Readers often ask me why it is I am always hammering on about freedom of the press.
Some have even asked me whether it isn't sometimes better to curtail that particular freedom in order to preserve other freedoms, or to support a government in unstable times. Isn't it better that the media be kind to George W. Bush so he can win his war on terror, and not foment dissent so that he can wage that war in peace?
Here's the short answer: No.
Here's the long one ...
In an interview earlier this year at Berkeley, where he delivered a prestigious international studies lecture, author/broadcaster Tariq Ali (The Clash Of Fundamentalisms: Crusades, Jihads, And Modernity) was asked why there was no Reformation in Islam, no religious revolution like that launched by Martin Luther in Catholic Europe.
"(W)hen the printing press came into Europe, there was a reformist sultan in power in Istanbul on the Ottoman throne who said, `This sounds to me like a good idea. We should have a printing press,'" Ali said, in outlining his answer. "(I)mmediately the clerics and the religious officers came and said, `Remember Martin Luther? Do you know how many copies of Martin Luther were printed on these printing presses, which wrecked Christianity? Do you want that to happen here?' And so he retreated."
Last month, former U.S. presidential contender Al Gore connected the dots.
Telling students in Tennessee about how the printing press — the world's first mass media maker — was banned throughout the Ottoman Empire, he said: "Democracy does not appear very commonly in the Arabic world today."
Okay, so it didn't help that European imperialists had their way in Africa and the Middle East. But still, it can't be a coincidence that, as a United Nations study revealed in October, the Arab world is a laggard when it comes to the information age.
"The (Arab Human Development) Report affirms that knowledge can help the region to expand the scope of human freedoms, enhance the capacity to guarantee those freedoms through good governance and achieve the higher moral human goals of justice and human dignity," says the study, which makes a case for freeing up the Arab press and ensuring the rights to free expression and assembly.
The report, available at hdr.undp.org, notes that in Arab countries only 53 newspapers are published per day per 1,000 citizens, compared to 285 newspapers per 1,000 citizens in the developed world. It is not unusual for journalists to go to jail there. Book print runs are tiny, with 5,000 copies making a bestseller. (That's also what the statistic is for English-speaking Canada, which counts as many citizens as all of Saudi Arabia.) Even prize-winning novels are banned; their authors persecuted. As for the content of the books, religious works account for nearly one-fifth of the pathetic Arabic book production, compared to a world average of five per cent for religious books.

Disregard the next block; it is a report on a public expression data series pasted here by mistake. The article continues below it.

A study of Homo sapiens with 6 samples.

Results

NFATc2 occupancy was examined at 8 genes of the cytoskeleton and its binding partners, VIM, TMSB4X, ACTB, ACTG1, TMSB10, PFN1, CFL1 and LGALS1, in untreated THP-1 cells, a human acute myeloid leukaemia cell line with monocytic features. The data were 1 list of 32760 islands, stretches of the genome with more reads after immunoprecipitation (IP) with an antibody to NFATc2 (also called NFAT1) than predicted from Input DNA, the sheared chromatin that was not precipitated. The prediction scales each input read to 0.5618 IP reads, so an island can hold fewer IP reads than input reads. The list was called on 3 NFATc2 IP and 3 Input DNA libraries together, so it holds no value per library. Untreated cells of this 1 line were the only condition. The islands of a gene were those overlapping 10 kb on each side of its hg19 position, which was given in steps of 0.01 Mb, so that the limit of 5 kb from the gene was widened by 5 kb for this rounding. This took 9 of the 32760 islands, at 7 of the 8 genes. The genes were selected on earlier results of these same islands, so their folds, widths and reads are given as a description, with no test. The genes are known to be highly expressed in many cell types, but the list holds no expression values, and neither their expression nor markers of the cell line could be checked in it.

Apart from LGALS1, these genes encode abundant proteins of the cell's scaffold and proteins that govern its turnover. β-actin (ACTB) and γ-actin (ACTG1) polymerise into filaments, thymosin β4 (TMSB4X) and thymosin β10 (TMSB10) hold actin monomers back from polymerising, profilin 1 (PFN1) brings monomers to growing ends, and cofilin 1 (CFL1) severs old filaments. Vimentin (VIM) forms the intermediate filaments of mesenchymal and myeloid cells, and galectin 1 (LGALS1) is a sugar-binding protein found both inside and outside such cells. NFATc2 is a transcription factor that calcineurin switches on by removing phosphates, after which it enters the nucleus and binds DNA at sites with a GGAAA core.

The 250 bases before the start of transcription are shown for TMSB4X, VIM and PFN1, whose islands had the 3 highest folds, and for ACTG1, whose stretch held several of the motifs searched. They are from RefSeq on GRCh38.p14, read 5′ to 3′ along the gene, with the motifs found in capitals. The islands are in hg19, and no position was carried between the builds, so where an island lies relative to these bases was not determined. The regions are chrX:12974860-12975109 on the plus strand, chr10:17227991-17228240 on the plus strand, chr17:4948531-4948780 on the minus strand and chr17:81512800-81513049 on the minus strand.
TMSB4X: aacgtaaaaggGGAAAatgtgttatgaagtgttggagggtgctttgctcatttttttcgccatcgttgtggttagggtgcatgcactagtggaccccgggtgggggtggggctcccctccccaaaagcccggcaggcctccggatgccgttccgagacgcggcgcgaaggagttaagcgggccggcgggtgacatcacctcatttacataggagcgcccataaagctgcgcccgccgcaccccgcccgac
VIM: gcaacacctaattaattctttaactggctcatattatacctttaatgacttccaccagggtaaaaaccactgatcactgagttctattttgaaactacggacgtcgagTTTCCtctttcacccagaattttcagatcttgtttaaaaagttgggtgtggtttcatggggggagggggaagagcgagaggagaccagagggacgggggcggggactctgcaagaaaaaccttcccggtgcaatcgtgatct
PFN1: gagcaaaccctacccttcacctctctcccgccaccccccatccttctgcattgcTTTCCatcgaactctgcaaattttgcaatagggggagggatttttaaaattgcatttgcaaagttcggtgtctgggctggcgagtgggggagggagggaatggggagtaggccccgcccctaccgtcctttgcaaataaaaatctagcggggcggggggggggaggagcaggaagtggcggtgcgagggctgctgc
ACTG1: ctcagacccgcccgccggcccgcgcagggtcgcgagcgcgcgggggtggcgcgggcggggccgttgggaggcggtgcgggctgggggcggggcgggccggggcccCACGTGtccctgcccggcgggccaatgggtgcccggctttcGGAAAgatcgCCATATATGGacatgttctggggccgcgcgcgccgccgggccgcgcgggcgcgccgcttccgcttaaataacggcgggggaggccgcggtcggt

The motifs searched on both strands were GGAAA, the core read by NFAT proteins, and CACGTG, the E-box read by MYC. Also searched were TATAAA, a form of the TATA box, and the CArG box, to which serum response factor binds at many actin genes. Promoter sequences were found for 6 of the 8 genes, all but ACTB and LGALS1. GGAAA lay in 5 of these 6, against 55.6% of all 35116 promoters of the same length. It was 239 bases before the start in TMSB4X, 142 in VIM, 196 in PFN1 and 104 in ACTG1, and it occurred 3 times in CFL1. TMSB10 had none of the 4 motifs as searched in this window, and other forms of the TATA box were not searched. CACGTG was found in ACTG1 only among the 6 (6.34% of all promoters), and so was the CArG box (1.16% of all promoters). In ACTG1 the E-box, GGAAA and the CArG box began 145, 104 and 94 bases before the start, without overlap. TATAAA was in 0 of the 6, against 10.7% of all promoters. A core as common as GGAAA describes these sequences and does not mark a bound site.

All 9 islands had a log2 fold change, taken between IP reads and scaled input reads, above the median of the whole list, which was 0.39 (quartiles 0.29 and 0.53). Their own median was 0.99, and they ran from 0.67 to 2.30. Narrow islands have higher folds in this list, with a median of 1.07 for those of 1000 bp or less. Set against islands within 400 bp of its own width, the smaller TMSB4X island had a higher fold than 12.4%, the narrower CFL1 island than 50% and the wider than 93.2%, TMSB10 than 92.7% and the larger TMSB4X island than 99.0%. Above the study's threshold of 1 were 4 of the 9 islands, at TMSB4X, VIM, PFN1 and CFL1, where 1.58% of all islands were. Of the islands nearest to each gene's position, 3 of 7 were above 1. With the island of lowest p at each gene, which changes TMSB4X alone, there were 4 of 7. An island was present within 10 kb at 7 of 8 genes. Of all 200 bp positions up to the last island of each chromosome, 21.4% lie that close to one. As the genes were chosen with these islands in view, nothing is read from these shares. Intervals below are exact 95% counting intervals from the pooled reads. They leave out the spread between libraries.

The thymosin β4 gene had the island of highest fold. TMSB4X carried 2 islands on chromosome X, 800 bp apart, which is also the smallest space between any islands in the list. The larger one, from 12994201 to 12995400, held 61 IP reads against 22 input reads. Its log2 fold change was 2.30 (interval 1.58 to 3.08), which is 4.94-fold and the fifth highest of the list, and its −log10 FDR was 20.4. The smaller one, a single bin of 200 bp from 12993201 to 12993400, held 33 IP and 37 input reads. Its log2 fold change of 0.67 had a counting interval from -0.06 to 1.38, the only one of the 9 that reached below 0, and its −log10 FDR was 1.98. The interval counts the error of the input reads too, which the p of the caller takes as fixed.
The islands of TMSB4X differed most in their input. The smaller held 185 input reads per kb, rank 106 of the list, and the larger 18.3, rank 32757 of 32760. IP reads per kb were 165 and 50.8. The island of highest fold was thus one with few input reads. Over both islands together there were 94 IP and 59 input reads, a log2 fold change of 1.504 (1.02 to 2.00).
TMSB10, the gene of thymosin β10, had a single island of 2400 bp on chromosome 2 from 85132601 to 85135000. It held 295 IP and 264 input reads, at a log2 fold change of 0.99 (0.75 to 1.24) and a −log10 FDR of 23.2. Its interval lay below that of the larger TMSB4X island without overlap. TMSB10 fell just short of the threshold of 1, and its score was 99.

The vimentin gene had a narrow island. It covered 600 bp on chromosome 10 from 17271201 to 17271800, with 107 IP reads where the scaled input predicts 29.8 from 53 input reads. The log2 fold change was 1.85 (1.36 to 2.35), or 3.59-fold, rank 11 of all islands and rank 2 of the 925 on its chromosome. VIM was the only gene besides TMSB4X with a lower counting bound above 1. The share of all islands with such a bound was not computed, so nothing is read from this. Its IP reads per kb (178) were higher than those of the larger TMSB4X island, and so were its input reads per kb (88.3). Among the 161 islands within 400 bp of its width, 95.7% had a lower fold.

For Arabs to enjoy a free and open society, they need free and open debate. To enjoy a free and open debate, they need a free and open press. Right?
So why is it that when modern, viable news organizations rise up in the Arab world, those who would like to bring freedom to that world, or say they would, shut them down?
Consider the fate of the TV networks Al-Jazeera and Al-Arabiya.
The former, as most Canadians know, was responsible for bringing less than pleasant/palatable images of the attack on Iraq to western TV screens. Its bureaus, in both Afghanistan and Iraq, were bombed by the U.S. Its journalists have been arrested, jailed and killed by coalition forces.
Just for the record, the Qatar-based network, which launched in 1996, has been condemned by Arab nations/rulers as well as American ones. Al-Arabiya, an Al-Jazeera Lite backed by Saudi, Kuwaiti and Lebanese investors, has been in business a couple of years. Both have been described by U.S. Defense Secretary Donald Rumsfeld as "violently anti-coalition" — although their only ammo is words.
In September, both services were banned, for two weeks, from covering the Iraqi Governing Council (IGC), a body made up of foreigners and outsiders appointed by occupiers. The networks were accused of inciting violence, by focusing too much on anti-U.S. attacks and providing airtime to the anti-occupation forces.
In other words, the networks were being censured and censored.
Then, last month, the council struck again: It prohibited Al-Arabiya from broadcasting from Iraq and seized its equipment in Baghdad. Its journalists face $1,000 fines and a year in prison if they break the ban. This because they aired a taped message, supposedly from former president Saddam Hussein, calling for attacks on Iraqis co-operating with the occupiers.
Never mind that CNN, BBC and other networks run the same tapes. They just can't be run by Arabs in Arabic.
Meanwhile George Bush's Coalition Provisional Authority — which supervises the IGC — is determined to put out the " truth." It recently announced that it's about to run its own good news network to counteract all the bad new out of Baghdad — in American media.
All of which makes me wonder: Have these guys been reading their own constitution — or smoking it?
And how do they expect to bring freedom to the Arab world if their attitude to the press is anything but free?